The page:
Religion in sharp decline, according to UK census 2011
Some very interesting data have just been released from the 2011 UK Census. You can read the key stats here, but the piece of information that leapt out for me was this:
Between 2001 and 2011 there has been a decrease in people who identify as Christian (from 71.7 per cent to 59.3 per cent) and an increase in those reporting no religion (from 14.8 per cent to 25.1 per cent).
Also, remember that even among those who self-identify as Christian, being a Christian no longer seems to mean much of significance – at least in terms of where you get moral guidance, which metaphysics you subscribe to, and so forth. The Richard Dawkins Foundation data, released earlier this year, revealed that (for Christians in England):
- 15% of them have never read the Bible
- 32% believe in the physical resurrection of Jesus
- 24% say that the Bible is inferior to other sources of moral guidance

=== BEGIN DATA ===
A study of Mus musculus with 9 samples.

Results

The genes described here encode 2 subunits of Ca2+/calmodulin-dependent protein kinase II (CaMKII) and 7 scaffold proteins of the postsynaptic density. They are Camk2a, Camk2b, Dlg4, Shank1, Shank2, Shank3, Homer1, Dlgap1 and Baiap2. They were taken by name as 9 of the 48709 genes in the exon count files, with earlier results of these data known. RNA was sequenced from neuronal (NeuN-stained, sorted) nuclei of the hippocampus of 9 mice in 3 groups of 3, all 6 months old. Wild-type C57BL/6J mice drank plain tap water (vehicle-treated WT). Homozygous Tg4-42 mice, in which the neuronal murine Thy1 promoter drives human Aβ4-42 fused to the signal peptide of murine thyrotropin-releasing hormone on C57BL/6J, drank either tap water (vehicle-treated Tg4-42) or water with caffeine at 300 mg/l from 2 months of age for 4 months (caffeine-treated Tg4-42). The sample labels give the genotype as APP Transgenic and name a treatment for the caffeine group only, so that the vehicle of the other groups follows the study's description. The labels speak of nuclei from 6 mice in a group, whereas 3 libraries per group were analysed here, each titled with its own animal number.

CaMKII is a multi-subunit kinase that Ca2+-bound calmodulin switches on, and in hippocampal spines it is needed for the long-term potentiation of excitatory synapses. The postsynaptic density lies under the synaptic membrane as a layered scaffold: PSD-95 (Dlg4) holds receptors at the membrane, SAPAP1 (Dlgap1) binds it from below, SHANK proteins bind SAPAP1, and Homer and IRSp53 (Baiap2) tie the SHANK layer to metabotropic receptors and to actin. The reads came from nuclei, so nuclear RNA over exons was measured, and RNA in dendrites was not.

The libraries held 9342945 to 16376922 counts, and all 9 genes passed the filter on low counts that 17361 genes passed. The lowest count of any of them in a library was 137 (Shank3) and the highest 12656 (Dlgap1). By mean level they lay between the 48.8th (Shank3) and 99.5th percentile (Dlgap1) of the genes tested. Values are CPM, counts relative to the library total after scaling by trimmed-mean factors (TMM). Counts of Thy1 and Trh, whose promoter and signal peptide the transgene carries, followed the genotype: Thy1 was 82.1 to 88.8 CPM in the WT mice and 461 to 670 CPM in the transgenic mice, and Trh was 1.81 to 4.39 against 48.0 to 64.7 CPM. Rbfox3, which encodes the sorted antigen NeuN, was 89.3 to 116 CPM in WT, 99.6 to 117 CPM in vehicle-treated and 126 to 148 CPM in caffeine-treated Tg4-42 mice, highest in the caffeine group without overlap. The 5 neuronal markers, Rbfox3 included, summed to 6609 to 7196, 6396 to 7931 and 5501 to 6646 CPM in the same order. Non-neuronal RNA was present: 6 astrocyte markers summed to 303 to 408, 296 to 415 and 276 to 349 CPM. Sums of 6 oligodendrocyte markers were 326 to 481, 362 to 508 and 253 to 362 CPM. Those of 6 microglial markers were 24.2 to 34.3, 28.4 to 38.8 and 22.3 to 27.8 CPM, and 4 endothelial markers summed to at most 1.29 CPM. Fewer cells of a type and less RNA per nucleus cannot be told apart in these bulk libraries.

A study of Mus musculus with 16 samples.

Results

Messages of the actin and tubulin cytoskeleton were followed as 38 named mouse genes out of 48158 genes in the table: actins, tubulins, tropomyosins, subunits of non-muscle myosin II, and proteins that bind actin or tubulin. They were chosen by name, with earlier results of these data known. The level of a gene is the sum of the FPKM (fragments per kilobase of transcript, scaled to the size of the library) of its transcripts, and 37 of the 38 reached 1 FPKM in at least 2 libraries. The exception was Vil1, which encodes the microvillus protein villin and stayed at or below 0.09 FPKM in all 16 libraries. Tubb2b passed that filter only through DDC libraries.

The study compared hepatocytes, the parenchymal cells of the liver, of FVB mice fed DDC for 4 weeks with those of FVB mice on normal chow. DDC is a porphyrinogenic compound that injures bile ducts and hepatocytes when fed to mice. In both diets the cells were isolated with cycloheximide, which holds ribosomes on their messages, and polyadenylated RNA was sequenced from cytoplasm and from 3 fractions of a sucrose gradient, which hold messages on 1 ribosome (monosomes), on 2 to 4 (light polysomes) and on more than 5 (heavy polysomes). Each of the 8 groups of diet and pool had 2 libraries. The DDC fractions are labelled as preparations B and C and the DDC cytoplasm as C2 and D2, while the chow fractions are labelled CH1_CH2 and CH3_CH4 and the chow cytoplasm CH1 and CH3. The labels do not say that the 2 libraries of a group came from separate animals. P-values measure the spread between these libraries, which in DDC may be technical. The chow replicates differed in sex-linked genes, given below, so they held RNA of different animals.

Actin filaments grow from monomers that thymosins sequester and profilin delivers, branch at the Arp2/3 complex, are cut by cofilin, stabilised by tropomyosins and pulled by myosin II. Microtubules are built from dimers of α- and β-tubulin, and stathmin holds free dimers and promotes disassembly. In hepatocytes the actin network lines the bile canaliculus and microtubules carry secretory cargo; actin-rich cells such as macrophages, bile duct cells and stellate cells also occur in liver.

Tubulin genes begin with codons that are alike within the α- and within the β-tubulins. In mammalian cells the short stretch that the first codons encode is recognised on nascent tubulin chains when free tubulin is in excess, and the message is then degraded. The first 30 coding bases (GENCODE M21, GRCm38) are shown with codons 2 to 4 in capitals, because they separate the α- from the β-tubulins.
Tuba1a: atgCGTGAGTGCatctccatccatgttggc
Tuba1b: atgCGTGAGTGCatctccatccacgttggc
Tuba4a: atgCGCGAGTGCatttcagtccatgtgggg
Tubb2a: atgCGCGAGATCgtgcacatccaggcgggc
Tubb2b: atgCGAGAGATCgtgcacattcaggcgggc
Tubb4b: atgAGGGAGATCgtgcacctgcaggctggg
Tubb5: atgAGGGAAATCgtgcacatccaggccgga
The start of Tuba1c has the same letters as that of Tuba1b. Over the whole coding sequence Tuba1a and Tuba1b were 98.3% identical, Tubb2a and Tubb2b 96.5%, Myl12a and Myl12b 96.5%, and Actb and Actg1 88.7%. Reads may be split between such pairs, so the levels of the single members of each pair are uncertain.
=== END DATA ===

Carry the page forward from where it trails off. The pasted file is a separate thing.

- 54% look to their own “inner moral sense” for guidance on morality, and only
- 10% seek moral guidance from “religious teachings and beliefs”
- 50% do not consider themselves to be religious
At least some of the decline in religious belief reported in the 2011 Census is surely due to the sterling work of the British Humanist Association and related groups, who campaign tirelessly to let people know that it’s okay to leave religion behind. So, congratulations to Andrew Copson and everyone else, and thanks also for your continued – and apparently effective – work.
[Edit] The response from the Church of England, which serves to prove that if nothing else, they are good at burying their heads in the sand.